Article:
I was raised believing that "if you fail to plan, you plan to fail." Thus, I became an unremitting planner who had dozens of agendas that built upon several different options and courses my life may take. Talk about overwhelming! Long story short, I was under the impression that planning was a science, that life was some equation that a few clever trial-and-errors and a handful of mathematical formulas could solve.
In reality, planning isn't a tool that solves life's equations. Planning is an art -- and a peculiar art form at that. I've learned that, much like art, life isn't necessarily a problem waiting to be solved. It's an art waiting to be enjoyed for its own essence. It follows that life plans must then be fluid. They may even change day to day. Who am I to predict what will happen tomorrow? The answer's simple: I can't know until I get there.
That's the tricky part about planning. Plans disguise spells of time to be a series of cause-and-effect, leading us to consider sequences of events a science. In similar ways to any science, plans give us a certain degree of feeling powerful and in control -- positioning us as an authority in the realms of prediction and speculation. Instead, we are just as vulnerable to the tides of life with or without a plan, and the only authority we possess is in terms of our decisions and how we react to situations.
I had planned careers in law, engineering, education, marketing, public relations, and now in journalism. What has made the difference so far? A few unexpected turns. My passion and morals never wavered, they just took various forms and expressed themselves differently as my experiences broadened with maturity, a statement with which most can identify. For instance, I still want to devote my life to a meaningful purpose and goal; I will always strive to be the best I can be; I aim to make my parents proud; I trust I'll always remember those who have loved me; and I'm determined to give graciously to my community. These are the types of plans -- plans of personal spirit and moral fiber -- that merit dogged pursuit.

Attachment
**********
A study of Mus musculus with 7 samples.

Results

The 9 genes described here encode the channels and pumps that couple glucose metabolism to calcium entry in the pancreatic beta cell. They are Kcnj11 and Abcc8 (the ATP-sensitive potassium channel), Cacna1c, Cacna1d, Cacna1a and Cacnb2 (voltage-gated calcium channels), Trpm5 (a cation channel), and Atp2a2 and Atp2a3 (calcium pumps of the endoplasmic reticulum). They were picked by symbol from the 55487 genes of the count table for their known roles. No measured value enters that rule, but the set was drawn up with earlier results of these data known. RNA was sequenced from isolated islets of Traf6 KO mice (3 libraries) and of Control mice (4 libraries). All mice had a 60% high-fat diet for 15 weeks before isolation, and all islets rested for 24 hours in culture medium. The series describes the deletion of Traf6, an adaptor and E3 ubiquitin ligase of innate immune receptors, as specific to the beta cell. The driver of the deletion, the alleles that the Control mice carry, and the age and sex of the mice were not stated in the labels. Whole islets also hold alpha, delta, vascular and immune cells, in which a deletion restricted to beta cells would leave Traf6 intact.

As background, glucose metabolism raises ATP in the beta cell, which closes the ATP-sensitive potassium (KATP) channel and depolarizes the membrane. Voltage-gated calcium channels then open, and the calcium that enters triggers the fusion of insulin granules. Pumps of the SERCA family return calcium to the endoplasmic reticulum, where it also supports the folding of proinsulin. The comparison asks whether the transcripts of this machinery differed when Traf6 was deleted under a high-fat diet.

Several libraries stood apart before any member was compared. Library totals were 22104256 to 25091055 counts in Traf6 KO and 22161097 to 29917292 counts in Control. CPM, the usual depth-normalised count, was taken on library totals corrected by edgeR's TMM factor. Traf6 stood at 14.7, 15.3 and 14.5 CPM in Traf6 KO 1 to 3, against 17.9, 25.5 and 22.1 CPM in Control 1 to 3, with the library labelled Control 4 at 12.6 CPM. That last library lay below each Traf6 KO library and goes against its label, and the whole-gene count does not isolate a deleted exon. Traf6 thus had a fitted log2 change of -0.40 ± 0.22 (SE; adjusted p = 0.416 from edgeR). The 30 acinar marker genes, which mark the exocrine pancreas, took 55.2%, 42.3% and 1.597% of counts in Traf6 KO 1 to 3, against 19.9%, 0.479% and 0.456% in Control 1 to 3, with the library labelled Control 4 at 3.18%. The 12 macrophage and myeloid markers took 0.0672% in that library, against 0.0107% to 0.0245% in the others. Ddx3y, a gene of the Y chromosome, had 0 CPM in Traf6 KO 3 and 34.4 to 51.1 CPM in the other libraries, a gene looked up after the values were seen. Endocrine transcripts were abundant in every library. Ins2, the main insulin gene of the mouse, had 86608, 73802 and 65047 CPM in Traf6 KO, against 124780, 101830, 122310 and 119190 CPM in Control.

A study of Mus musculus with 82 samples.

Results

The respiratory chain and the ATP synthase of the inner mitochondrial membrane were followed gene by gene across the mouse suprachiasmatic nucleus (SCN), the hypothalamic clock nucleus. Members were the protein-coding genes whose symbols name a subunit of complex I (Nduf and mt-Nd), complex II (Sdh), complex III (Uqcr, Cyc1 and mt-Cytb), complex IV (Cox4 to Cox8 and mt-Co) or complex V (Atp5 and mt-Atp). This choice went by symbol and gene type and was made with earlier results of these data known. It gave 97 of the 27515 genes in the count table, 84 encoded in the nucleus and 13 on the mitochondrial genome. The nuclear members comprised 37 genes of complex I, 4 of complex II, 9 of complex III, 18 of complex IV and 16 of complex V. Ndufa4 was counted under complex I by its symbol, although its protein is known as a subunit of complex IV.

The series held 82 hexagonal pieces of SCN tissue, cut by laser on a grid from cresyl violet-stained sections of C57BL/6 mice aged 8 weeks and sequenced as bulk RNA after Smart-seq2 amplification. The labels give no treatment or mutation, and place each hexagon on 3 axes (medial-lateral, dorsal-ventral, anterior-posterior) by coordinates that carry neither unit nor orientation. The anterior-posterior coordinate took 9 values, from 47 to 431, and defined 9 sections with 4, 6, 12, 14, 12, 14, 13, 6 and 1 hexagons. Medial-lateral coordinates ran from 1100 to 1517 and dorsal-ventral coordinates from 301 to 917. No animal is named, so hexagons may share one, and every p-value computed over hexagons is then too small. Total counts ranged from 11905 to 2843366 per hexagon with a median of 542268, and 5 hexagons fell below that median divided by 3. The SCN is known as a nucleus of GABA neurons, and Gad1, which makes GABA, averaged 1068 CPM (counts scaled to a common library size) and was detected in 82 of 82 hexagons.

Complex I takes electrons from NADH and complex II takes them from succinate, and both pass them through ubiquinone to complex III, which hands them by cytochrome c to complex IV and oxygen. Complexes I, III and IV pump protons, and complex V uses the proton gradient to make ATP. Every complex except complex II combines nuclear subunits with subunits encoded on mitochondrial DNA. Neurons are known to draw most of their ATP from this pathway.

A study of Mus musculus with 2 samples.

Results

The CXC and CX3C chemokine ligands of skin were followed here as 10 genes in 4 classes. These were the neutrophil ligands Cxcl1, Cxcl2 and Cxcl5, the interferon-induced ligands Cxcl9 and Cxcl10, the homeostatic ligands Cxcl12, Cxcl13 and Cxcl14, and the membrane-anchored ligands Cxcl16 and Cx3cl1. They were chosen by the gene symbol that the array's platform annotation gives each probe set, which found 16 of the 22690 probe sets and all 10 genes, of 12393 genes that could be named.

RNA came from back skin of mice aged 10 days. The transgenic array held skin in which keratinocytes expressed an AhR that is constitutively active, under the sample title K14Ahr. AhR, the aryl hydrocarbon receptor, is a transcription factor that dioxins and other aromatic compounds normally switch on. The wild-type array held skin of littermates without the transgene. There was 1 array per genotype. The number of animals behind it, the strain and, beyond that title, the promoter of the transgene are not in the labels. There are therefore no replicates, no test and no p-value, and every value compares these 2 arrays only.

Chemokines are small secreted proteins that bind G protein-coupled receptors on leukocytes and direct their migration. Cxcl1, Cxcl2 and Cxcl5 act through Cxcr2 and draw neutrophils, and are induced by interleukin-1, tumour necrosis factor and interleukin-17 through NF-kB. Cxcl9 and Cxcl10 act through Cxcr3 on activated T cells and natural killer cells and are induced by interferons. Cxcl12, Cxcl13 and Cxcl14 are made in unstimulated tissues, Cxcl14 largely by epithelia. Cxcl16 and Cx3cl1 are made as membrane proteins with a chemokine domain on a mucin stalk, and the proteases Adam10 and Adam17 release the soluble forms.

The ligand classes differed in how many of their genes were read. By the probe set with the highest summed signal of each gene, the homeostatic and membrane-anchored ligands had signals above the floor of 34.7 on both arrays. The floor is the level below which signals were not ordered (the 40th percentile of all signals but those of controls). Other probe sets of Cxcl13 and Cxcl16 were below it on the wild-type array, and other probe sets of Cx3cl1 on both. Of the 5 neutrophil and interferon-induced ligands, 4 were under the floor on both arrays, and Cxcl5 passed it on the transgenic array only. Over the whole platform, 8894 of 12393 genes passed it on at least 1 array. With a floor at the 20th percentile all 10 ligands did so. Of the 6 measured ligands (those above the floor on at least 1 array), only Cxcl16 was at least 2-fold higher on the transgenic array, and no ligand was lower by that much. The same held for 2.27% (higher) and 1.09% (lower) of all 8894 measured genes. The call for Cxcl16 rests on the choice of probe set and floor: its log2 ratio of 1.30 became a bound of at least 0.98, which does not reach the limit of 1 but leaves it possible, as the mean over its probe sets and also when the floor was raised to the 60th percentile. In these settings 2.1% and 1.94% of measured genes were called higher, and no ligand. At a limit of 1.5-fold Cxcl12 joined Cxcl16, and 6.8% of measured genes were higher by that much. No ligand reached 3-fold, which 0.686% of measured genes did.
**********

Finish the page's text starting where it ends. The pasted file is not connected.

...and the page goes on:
Wartime brings about such unexpected moments that place personal spirit and moral fiber at the forefront. During World War II, my grandfather couldn't have predicted his B-17 would be shot down over the Baltic Sea, or that the Germans would take him as a prisoner of war for the next 11 months. But this unforeseen moment changed the rest of his life. All other plans immediately changed as he fit himself to reality, living day to day simply thankful to be alive. How he reacted to this moment made him the man I knew him to be: strong, hopeful, measured, and yes, a bit stubborn.
Other unplanned moments hinge on others' decisions and acceptances, such as college, graduate school, and job opportunities. Upon entering my freshman year at Vanderbilt, I would never have expected I'd walk away an English and Communication Studies major, and I certainly couldn't have predicted that I would be entering Northwestern's Medill School of Journalism this winter. These things, as most defining moments tend, do not fall into cookie-cut plans. These moments rather upset, only to cause flashes of fortunate confusion that subsequently replace what was formerly "the best possible plan" with one even more superior.
Life isn't about adhering to one, two, or 20 versions of a plan. It's about taking opportunities as they come, breathing enduring curiosity, and building upon the next unforeseen upset. The old adage has it right; I simply interpreted it wrong. Planning our future in specifics is futile; planning our character and personal growth is self-control. And self-control is truly the only plan we need to succeed. In the same vein as any work of art, appreciate plans for what they are and leave room for spontaneous creativity. What initially strikes us as a violation of or departure from the grand plan may become the focal point of the next.